We’re as guilty as anyone of overusing the term “cafe racer.” Still, despite its overuse, the term carries a certain power and weight. It hasn’t lost its resonance or romance. It’s reminiscent of what the late James Salter, fighter pilot and novelist, said of the jet fighters (F-86 Sabres) he flew in the 1950s (The Hunters, 1956):
“You lived and died alone, especially in fighters. Fighters. Somehow, despite everything, that word had not become sterile. You slipped into the hollow cockpit and strapped and plugged yourself into the machine. The canopy ground shut and sealed you off. Your oxygen, your very breath, you carried into the chilled vacuum, in a steel bottle.”
Somehow, “cafe racer” evokes a similar mystique. You are alone, hunched on a single cowled seat, bent low over the down-turned bars, drunk on the wind in your mouth. There are some bikes that truly deserve this moniker, and Alex Aranilla’s 1979 Honda CB750K is one. This is no shop-built trailer queen. It’s the product of more than six years of work for this Indiana native, and a fitting evolution of the bikes once parked slantwise outside the Ace Cafe, hunched low and mean for speed.
CB750K Cafe: Build Story
Alex Aranilla of Newburgh, Indiana, is the proud papa of this custom DOHC CB. We will let him tell the story in his own words.
Years in the making, this DOHC CB750 has undergone a ground up restoration and modification into a cafe style bike. I purchased the low mileage donor shortly after my son was born and completed it last year when he turned 6! Life, work, money, and other bike projects had delayed this, my first cafe racer.
The frame has been strengthened rearward of the backbone and gussets added to the subframe. The frame was then powder coated a candy red. The swing arm has been modified to raise the rear ride height and sprung with cb900 Showa FVQ shocks. The springs were replaced with new Progressive springs. The swing arm plastic bushings were replaced by machining the pivot area and pressing in a set of tapered roller bearings. The rear sets are a combination of old school bmx pegs and machined billet levers.
The engine was cleaned and case covers hand sanded and polished. New gaskets, stainless cap screws and NOS valve cover bolts were used to button up the 10k mi. motor. I shortened and rebuilt the front forks and polished the lower fork legs. Both wheels have been re-laced with the front wheel being made out of two different wheels. Wiring was hidden/rerouted towards the rear ending at a Ballistic 8 cell Lithium Iron battery.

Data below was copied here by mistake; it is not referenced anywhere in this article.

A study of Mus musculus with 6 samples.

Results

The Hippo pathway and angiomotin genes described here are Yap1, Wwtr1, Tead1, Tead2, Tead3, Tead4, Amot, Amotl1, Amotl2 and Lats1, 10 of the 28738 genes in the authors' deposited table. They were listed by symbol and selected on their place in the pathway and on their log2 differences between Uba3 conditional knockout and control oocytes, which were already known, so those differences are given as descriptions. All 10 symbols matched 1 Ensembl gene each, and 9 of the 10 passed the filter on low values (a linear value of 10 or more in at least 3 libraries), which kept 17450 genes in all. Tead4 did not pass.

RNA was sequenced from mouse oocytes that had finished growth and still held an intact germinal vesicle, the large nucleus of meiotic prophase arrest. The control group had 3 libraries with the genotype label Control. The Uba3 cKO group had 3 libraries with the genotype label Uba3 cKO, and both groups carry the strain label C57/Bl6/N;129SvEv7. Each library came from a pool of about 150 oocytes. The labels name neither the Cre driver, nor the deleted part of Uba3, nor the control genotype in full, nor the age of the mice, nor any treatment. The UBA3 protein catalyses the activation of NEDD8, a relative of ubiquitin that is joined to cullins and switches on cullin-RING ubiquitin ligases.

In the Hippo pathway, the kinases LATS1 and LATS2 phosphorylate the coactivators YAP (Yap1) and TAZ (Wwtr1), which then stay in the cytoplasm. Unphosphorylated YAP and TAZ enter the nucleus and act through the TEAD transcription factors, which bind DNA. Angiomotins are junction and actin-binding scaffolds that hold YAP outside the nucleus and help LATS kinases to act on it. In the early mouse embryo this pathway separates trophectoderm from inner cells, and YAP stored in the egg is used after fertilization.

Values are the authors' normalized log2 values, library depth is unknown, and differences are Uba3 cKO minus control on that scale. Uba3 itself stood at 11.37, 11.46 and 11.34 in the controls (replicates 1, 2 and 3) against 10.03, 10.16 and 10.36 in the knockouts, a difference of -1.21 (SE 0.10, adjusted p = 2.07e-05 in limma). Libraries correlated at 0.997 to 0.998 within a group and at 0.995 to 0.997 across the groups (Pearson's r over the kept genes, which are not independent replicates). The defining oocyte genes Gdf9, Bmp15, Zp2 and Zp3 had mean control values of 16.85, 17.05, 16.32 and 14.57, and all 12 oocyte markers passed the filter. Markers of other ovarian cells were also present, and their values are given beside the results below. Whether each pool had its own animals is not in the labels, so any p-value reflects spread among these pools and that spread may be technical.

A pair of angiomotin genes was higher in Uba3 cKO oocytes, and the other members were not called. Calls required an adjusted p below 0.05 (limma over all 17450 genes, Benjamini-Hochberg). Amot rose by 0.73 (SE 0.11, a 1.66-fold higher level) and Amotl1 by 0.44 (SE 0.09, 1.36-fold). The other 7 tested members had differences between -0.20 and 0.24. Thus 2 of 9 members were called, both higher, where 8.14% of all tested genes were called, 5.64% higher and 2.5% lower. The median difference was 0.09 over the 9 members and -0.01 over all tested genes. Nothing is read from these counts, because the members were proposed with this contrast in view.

There is so much work to list but what I find interesting is that this bike is mostly stock! The engine is completely stock but the carbs were rebuilt and jetted for a K&N filter and a 4 into 1 chrome exhaust. Overall, I was happy with the outcome and have gotten a lot of attention wherever I take my bike.
CB750 as Cafe Racer Platform
When it came out in 1969, the CB750 was called by Cycle magazine “the most sophisticated production bike ever,” and according to multiple sources, the term “superbike” was coined to describe it. The DOHC was introduced nearly a decade later, and power jumped to 79 horsepower. The power, affordability, and design have made the CB750 one of the most “cafe-d” bikes of all time, and with good reason.
The Best CB750 Cafe Racers
Below, we’ve listed our favorite CB750-based cafe racers, featured on some of our favorite blogs. They include customs from two veteran builders, Classified Moto and Motohangar, as well as upstart Seaweed & Gravel of Encinitas, California.
- Motohangar CB750 via BikeExif
- Seaweed and Gravel CB750 via King of Fuel
- Classified Moto CB750 “Superstrada” via Sub5Zero
Know of some other CB750s that ought to make our “best-of” list? Let us know in the comments!